For marijuana to be consumed legally in California, the law we pass has to rise above rhetoric.
There must be meat on those bones, specifics for how cities and counties would regulate recreational use of marijuana.
In November, Californians will vote up or down on the Regulate, Control and Tax Cannabis Act of 2010. The ballot measure would expand legal use of marijuana in the state from those with medical conditions to pretty much any adult who has a hankering.
For true pot believers, this is a passionate issue. Others see the issue as no big deal.
Marijuana is less destructive than alcohol, isn't it?
Why not de-criminalize marijuana and tax it to help a cash-strapped state?
OK, why not? The initiative language is relatively straightforward and can be accessed on the Internet. But after several readings — and discussions with pro-pot leaders — there are key questions left unanswered.
For example, the pro-pot mantra is for the state to tax marijuana as a way of raising funds for an ailing California. But there is no specific state marijuana tax contained in the initiative.
California levies taxes on alcohol, gasoline and cigarettes. But it won't on pot if it's legalized — at least not at first.
Jeff Jones, a proponent of the pot initiative, says the hope is that the Legislature would follow the initiative with a fee on marijuana use. He said the initiative didn't contain tax language because it could make it too hard to amend later.
That's fine, but this is being sold as a major tax source for the state. The truth is weighted with caveats. Local governments would be permitted to impose taxes and fees on marijuana, but they would be "without regard to or identification of the business or items or services sold."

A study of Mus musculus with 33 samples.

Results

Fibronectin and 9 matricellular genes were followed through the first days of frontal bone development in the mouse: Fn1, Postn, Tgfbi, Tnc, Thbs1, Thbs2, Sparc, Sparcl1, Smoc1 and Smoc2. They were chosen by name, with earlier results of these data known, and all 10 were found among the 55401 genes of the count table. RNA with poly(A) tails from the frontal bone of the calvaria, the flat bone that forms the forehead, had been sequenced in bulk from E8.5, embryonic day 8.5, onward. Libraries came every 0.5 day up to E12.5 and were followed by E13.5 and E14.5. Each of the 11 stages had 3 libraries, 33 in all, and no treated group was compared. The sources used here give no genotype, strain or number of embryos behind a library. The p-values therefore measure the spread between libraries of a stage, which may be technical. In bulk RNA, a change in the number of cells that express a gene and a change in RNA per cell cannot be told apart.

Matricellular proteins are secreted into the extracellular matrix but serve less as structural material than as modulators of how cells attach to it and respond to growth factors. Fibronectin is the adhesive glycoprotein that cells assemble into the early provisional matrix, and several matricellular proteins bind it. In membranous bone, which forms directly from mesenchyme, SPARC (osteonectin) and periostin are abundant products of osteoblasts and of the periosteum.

So how much of a pot tax would it be? In a way, it sounds like the Indian casinos or the state lottery. Weren't they supposed to be a boon for the state, too?
In the initiative language, much is written about how marijuana is more benign than alcohol. OK, but there are decades of law and science behind alcohol use. If you fail a field sobriety test, you're going to jail.
Is there a framework in the initiative for policing pot use? No. When I asked Jones about tests to gauge intoxication for marijuana, he said he would have to get back to me.
In the initiative, there is language that states it is illegal to smoke pot and drive. But can other people in the vehicle smoke?
Nor is there an analysis of how much it would cost local cities to police marijuana use. There are unanswered questions regarding the cultivation of marijuana on private property and how employers could deal with employees who abuse pot.
It's still a long way to November; there is much to debate. As a voter, I'm willing to be persuaded. But right now, this vote is a big "no way."